In an attempt to keep the matter under wraps, the Los Angeles County Sheriff’s Department quietly ordered deputies to delete any photos of the Kobe Bryant helicopter crash scene after a citizen complained that a deputy was showing the gruesome images at a Norwalk bar, two public safety sources with knowledge of the events said.
Normally, such a complaint would trigger a formal inquiry and possibly an internal affairs investigation, strictly following the chain of command, the sources said.
Instead, in the days after the Jan. 26 crash, deputies were ordered to report to the sheriff’s Lost Hills station and told that if they came clean and deleted the photos, they would not face any discipline, said the sources, who spoke on condition of anonymity because of the sensitive nature of the events.
The sources said they were concerned the directive to delete the photos could amount to the destruction of evidence.
After The Times reported that deputies shared the photos, the Sheriff’s Department launched an investigation.
Brian Williams, executive director of the Civilian Oversight Commission, said his office planned to question officials during a meeting with the Sheriff’s Department next week that had already been scheduled.
In an interview Wednesday, Villanueva did not respond directly to queries of whether he ordered the deletion of the photos.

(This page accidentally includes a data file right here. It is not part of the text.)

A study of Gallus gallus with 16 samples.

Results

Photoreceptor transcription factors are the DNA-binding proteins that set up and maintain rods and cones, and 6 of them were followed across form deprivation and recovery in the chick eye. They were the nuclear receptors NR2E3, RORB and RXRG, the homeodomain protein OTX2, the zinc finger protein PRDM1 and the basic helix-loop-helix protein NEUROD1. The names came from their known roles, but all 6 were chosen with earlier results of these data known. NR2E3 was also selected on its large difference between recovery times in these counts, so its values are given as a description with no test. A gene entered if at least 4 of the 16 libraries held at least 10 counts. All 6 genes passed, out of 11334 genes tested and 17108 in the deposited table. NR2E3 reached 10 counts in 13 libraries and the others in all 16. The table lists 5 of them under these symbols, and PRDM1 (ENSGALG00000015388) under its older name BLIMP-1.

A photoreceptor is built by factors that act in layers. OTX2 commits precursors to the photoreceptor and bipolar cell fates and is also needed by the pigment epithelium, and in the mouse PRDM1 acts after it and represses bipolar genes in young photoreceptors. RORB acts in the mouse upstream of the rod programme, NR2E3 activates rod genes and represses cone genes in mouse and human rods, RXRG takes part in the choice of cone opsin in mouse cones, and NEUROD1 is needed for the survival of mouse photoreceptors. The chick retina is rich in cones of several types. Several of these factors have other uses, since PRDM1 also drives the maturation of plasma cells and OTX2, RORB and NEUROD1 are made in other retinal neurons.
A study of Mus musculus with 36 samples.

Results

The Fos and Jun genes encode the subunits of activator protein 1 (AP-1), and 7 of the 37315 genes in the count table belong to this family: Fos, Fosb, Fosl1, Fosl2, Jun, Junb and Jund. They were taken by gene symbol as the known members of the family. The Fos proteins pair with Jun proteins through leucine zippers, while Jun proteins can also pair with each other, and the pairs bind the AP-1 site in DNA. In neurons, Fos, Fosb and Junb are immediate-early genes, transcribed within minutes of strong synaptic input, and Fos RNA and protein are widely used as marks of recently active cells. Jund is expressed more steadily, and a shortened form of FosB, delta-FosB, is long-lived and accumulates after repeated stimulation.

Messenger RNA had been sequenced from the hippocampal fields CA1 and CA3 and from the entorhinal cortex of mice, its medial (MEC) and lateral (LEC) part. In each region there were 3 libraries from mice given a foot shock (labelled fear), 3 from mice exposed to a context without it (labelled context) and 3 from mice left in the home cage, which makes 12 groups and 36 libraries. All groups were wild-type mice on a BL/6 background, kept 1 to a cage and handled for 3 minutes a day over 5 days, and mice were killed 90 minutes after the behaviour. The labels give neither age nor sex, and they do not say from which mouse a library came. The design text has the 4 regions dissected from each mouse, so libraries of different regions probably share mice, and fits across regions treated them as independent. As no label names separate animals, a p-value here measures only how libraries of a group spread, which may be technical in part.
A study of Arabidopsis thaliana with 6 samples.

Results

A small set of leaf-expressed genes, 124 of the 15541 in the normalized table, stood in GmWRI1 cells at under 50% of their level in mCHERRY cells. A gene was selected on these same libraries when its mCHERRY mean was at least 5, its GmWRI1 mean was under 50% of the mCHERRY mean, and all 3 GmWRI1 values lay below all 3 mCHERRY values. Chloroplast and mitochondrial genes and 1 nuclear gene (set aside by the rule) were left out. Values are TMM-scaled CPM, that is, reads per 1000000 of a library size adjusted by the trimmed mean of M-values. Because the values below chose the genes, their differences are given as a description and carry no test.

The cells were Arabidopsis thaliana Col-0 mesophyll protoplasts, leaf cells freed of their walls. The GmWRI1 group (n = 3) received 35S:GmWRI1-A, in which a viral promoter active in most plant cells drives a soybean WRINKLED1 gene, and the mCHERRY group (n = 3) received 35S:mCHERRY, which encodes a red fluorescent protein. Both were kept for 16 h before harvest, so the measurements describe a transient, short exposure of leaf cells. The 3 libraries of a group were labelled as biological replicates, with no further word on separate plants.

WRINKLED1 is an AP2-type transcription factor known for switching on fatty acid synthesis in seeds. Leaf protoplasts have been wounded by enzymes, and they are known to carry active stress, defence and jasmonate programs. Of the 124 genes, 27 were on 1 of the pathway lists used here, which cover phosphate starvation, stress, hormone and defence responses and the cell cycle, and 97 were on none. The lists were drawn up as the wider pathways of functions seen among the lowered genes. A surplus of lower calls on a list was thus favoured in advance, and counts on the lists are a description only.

He did say: “Every police department struggles with the same thing, where people take photos and they’re not evidence. So that’s a practice we have to make sure that everyone walks away, and there is no evidence other than the official photos of evidence that are taken for criminal purposes.”
The citizen’s complaint was sent to the sheriff’s information bureau. In an interview Wednesday, Capt. Jorge Valdez, the head of the bureau, said he was “unaware of any complaint” and “there was no order given to delete any photographs.”
The sources said Friday, however, that Valdez was among those who handled the complaint.
Neither Villanueva nor Valdez responded to follow-up questions on Thursday and Friday.
The department issued a statement Friday saying that Villanueva is “deeply disturbed at the thought deputies could allegedly engage in such an insensitive act.”
“A thorough investigation will be conducted by the department, with the No. 1 priority of protecting the dignity and privacy of the victims and their families,” the department said.
Joseph Giacalone, who teaches police procedures at the John Jay College of Criminal Justice in New York, said the L.A. County Office of the Inspector General should launch an inquiry into how the Sheriff’s Department handled the complaint.
“Now the whole investigation is tainted,” he said of the Sheriff’s Department’s new inquiry. “No matter what they find, the public is going to have a raised eyebrow.”
The Times first reported on Thursday that deputies had shared photos of the crash, including in an incident separate from what happened at the Norwalk bar.
A third public safety source had told The Times that the sharing of photos of the crash scene and the victims’ remains was the topic of a discussion among first responders two days after the crash.
The source, who spoke on the condition of anonymity, said he saw one of the photos on the phone of another official at that discussion, which was not a part of the investigation of the crash.
In a statement Friday, the Assn. for Los Angeles Deputy Sheriffs, the union that represents deputies, said: “As with all investigations, we will aggressively represent our members and preserve their rights.”